Testing the Advertising Waters
One of the reasons why advertising fails.
"Money is too precious to spend on experiments, but it's amazing how many people do." - David Carmichael
There are approximately one hundred and twenty thousand sales people responsible for selling advertising on the television and radio stations of America and Australia. Each of these one hundred and twenty thousand sales people will make “prospecting calls” on an average of three business owners each day. One business owner out of twelve will say, “Perhaps your station is the right one for my business. I’ll buy a small schedule to test the waters, and if it works, I’ll start using your station on a regular basis.”
Sounds reasonable, doesn’t it? In reality, it’s no different than standing at a roulette wheel saying, “Perhaps black is the colour for me. I’ll place a small bet and if I win, I’ll start betting black on a regular basis.”
Thirty thousand business owners in America and Australia will decide to “test the waters” on a TV or radio station today. Most of them will experience very poor results. Will they be disappointed? Yes. Surprised? No, because most of these business owners have “tested the waters” many times before with very limited success, and the few successes they had were rarely repeatable.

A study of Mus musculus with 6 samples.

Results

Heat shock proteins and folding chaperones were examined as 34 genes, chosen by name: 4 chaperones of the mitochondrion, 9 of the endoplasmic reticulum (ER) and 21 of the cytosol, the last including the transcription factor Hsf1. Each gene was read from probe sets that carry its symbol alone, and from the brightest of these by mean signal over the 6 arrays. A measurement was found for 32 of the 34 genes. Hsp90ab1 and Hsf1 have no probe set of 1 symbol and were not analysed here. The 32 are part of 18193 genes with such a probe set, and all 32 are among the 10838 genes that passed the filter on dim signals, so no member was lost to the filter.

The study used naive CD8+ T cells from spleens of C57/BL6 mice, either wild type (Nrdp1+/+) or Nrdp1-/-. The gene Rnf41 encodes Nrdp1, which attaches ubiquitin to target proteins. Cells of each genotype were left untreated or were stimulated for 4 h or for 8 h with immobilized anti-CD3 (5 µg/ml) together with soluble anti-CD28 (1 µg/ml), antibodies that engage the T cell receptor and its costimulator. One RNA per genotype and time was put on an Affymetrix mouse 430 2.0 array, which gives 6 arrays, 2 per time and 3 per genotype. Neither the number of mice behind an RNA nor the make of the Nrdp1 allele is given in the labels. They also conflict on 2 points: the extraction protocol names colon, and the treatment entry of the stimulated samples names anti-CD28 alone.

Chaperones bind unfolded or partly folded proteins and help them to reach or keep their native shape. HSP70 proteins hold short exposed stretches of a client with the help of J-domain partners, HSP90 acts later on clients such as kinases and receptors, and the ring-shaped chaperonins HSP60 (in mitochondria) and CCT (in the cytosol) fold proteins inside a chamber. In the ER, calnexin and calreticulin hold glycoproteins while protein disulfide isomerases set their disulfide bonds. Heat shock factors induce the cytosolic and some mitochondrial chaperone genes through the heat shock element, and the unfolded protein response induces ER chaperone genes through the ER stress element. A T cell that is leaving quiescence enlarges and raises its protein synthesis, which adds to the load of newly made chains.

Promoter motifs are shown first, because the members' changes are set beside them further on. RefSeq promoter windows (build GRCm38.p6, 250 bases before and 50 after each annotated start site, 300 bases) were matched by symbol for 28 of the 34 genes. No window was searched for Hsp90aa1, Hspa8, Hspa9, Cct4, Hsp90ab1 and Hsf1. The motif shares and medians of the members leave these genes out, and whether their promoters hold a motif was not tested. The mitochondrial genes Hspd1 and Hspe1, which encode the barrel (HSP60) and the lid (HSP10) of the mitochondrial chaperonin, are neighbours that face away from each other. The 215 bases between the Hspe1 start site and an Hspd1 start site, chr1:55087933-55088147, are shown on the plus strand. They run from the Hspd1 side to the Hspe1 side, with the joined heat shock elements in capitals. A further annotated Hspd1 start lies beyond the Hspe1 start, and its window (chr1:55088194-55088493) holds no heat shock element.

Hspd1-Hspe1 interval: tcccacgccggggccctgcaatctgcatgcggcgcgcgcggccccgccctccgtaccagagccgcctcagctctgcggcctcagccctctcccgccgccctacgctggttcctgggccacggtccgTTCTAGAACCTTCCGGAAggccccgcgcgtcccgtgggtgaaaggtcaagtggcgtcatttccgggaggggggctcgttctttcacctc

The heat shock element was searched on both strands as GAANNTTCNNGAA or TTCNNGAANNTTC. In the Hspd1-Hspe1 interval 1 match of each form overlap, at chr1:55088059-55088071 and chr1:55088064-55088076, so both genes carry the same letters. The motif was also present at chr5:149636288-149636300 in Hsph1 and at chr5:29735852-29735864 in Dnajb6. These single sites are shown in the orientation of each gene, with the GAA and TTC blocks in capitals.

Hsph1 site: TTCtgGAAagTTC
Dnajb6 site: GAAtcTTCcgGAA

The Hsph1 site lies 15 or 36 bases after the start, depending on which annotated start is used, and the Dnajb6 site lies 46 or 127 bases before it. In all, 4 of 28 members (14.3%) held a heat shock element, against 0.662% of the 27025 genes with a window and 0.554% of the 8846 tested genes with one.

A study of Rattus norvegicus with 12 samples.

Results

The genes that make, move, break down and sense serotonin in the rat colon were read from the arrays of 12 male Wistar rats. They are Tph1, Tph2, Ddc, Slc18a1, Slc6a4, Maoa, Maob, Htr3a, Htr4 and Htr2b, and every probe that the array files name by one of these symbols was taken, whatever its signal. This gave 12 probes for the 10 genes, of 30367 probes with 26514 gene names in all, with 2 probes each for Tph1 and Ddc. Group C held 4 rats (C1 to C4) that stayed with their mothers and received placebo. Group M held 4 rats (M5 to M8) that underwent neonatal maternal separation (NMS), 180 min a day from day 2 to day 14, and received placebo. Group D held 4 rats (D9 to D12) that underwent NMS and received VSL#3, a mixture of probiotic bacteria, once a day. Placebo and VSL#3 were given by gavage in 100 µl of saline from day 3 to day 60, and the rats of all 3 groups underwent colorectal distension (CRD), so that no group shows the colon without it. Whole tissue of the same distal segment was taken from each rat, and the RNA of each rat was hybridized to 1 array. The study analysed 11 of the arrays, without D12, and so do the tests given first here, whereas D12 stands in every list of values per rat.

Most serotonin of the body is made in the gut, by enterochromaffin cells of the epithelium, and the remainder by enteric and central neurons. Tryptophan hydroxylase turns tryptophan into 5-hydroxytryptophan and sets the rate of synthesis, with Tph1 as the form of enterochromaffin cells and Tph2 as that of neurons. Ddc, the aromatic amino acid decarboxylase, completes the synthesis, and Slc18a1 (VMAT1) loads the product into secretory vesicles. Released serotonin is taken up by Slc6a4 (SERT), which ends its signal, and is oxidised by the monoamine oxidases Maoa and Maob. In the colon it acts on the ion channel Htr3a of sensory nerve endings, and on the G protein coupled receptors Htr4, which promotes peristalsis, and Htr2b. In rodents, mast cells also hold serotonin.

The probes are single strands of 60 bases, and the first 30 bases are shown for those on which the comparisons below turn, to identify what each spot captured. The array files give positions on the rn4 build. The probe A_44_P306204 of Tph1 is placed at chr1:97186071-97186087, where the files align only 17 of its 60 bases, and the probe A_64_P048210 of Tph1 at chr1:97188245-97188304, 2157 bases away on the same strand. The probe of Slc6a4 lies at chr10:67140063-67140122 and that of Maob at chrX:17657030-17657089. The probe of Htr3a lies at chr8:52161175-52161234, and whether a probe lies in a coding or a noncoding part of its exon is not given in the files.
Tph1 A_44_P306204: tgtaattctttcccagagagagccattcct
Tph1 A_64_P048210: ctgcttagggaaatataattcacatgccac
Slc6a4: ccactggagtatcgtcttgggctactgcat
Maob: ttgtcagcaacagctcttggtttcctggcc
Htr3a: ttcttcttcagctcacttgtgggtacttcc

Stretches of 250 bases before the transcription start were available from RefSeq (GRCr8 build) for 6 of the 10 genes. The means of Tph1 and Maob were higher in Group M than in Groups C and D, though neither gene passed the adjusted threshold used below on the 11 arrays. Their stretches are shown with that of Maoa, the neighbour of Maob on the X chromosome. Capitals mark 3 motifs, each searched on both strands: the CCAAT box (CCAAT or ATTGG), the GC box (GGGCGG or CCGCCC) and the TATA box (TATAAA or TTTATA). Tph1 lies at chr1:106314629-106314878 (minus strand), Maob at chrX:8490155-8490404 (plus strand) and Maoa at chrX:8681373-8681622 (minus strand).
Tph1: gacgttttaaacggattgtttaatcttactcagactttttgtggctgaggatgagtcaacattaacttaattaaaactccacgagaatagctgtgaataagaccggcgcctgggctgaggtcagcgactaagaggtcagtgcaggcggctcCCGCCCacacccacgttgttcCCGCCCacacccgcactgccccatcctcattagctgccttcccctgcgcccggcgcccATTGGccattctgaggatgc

Why would a business owner do what he has done before and expect a different result? It is because every one of those one hundred and twenty thousand sales people have been taught to sing a seductive little song whose chorus line is, “The secret is to reach the right people, and our people are the right people for you!” Once again, the logic of reaching the right people is extremely appealing, mostly because it’s common sense. The problem is with advertising is that it so often defies common sense.
Want to hear the really sad part? Nearly every single one of the disappointed business owners would have been delighted with the station they chose had they only understood two simple laws of advertising
Law of Advertising # 1:
It’s what you say, not who you say it to, that will determine your success in advertising. Most people are “the right people,” when you say the right thing! Be convincing!
Law of Advertising # 2:
Short schedules are always a gamble. Few people will be convinced quickly, and few of those people who are convinced will have any immediate need for what you are selling. By the time their need arises, your “testing of the waters” will be over and they will have forgotten you.
You must decide what to say and then say it to as many people as you can afford to reach relentlessly. If you cannot afford to reach a station’s audience with relentless repetition, you should consider buying a smaller audience. It is better to reach ten people ten times than a hundred people once.
“Testing the waters” is the signature of an uncommitted advertiser, and I’ve never known an advertiser to experience more than momentary success with such an outlook.
Focus and commitment are the unwavering signatures of real success. Show me an advertiser with a genuine commitment to a focused message, and I’ll show you a success in the making.